Whether they are planning, designing, or building wayfinding and signage systems, exhibition graphics, branded environments, or digital applications, members of the SEGD community have a common goal: creating experiences that connect people to place.
As SEGD—the Society for Environmental Graphic Design—celebrates its 40th anniversary this year, it has adopted a new mission statement that reflects the field’s increasing integration of technology and recognizes that its practitioners are creating digital as well as physical experiences.
The SEGD mission statement was recently updated by the SEGD Board of Directors as part of the organization’s continuing Strategic Plan process:
SEGD exists to Educate, Connect, and Inspire the global, multidisciplinary community of professionals who plan, design, and build experiences that connect people to place.
It expands the former mission statement’s reference to “communications in the built environment” by referring to not only the physical environment, but to the digital experiences increasingly being created by those who practice environmental graphic design.
“It is really exciting to articulate an expanded mission that takes us past the traditional idea of environmental graphics and embraces the idea of a range of experiences connecting people to place,” says Amy Lukas, partner in Infinite Scale (Salt Lake City) and president of the SEGD Board of Directors. “It’s especially appropriate as we enter our 40th anniversary year and look ahead to the next 40 years.
This is a positioning for the future of our field versus the past.”
SEGD was established in 1973 as a professional community for designers creating architectural signage. In the ensuing four decades, SEGD has extended beyond its roots in signage to encompass a broad spectrum of visual communications in the built environment, from wayfinding to branded environments, public art, and exhibition design.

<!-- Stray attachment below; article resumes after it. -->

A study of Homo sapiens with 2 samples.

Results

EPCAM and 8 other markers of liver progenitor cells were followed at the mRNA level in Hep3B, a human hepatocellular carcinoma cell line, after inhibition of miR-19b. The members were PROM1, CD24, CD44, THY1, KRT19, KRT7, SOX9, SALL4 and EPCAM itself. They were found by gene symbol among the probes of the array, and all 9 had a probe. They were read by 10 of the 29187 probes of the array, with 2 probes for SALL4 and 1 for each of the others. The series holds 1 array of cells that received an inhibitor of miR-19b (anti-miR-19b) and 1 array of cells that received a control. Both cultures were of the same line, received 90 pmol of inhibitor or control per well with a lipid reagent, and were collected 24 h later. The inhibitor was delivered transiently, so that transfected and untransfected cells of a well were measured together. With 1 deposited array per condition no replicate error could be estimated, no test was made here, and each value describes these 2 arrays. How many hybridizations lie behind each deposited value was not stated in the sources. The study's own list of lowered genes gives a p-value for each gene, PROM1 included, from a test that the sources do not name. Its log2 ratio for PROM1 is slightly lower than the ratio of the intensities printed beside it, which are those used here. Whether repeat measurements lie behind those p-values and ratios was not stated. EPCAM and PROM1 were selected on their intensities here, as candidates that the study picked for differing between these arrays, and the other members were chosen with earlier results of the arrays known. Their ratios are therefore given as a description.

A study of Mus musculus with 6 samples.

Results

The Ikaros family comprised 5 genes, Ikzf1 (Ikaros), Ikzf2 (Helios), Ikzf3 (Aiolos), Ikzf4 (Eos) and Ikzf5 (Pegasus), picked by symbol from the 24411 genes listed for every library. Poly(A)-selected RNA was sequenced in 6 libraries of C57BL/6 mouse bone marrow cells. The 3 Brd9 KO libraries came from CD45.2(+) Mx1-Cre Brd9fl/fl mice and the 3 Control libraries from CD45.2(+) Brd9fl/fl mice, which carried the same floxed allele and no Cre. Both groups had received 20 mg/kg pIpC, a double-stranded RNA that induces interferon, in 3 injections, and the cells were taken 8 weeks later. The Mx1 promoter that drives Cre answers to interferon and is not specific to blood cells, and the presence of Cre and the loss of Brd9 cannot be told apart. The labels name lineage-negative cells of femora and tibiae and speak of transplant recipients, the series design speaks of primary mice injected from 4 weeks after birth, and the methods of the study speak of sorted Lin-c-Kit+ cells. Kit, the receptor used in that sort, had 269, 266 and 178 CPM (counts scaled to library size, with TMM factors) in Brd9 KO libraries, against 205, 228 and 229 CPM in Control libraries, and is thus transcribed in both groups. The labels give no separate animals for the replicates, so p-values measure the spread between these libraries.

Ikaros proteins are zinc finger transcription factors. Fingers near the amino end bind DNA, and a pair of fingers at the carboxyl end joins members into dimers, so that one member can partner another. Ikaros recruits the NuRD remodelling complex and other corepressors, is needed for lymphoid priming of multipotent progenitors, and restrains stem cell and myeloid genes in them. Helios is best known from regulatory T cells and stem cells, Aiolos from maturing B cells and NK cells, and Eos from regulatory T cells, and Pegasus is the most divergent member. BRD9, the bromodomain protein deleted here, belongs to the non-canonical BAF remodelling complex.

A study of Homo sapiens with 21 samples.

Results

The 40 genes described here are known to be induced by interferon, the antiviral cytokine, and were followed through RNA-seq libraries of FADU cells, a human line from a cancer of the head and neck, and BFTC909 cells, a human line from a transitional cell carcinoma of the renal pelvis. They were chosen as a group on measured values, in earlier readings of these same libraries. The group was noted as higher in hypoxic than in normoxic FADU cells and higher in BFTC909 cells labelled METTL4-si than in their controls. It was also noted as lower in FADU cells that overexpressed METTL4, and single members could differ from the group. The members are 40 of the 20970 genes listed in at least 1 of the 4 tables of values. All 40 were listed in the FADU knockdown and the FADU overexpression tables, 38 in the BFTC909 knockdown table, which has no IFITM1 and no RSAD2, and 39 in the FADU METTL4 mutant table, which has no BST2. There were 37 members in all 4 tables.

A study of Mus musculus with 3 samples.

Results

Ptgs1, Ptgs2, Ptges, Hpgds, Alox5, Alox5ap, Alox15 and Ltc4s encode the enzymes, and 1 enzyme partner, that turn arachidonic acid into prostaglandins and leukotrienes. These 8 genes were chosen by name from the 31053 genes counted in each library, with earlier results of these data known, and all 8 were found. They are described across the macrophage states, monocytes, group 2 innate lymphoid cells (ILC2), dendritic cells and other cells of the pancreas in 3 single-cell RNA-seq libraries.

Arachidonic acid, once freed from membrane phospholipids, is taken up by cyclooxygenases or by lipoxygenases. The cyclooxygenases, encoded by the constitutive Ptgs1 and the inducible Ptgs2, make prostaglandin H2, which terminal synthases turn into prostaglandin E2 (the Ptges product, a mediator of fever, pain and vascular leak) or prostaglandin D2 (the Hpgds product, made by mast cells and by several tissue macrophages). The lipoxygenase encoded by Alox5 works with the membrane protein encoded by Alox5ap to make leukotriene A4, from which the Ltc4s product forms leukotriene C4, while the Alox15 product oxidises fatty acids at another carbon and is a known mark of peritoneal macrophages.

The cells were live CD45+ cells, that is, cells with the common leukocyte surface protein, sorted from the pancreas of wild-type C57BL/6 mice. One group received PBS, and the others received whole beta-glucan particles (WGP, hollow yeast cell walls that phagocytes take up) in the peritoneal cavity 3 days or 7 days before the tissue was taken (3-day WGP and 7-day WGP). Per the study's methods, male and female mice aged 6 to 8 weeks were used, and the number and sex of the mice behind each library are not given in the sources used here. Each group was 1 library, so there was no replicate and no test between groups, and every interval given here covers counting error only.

SEGD CEO Clive Roux says the integration of digital technologies into the built world will continue to significantly impact the skillsets and project teams required for environmental graphic design projects. “Static signage communicates much like print, as a one-way controlled process that delivers a message at a precise point to help guide you in the environment. As digital technologies enter the environment, the potential exists to expand from one-way communication to a delivery of content and a two-way dialogue between the user and the technologies,” he notes. “Treated in a sensitive way, through design, it holds the potential to significantly improve the physical experience.”
“These dialogues are likely to be far less controlled than a one-way message delivery system,” Roux continues. “They are more dynamic and interactive, requiring design skills more commonly used to create websites and digital product interfaces than traditional wayfinding and signage solutions. These skills will need to become a part of the EGD professional’s toolbox, and the number and type of people working on a digital project will likely expand the size of the EGD design team in the same way as has happened with digital devices and websites. We want to ensure that SEGD includes all of those who will participate in these multidisciplinary teams in the future.”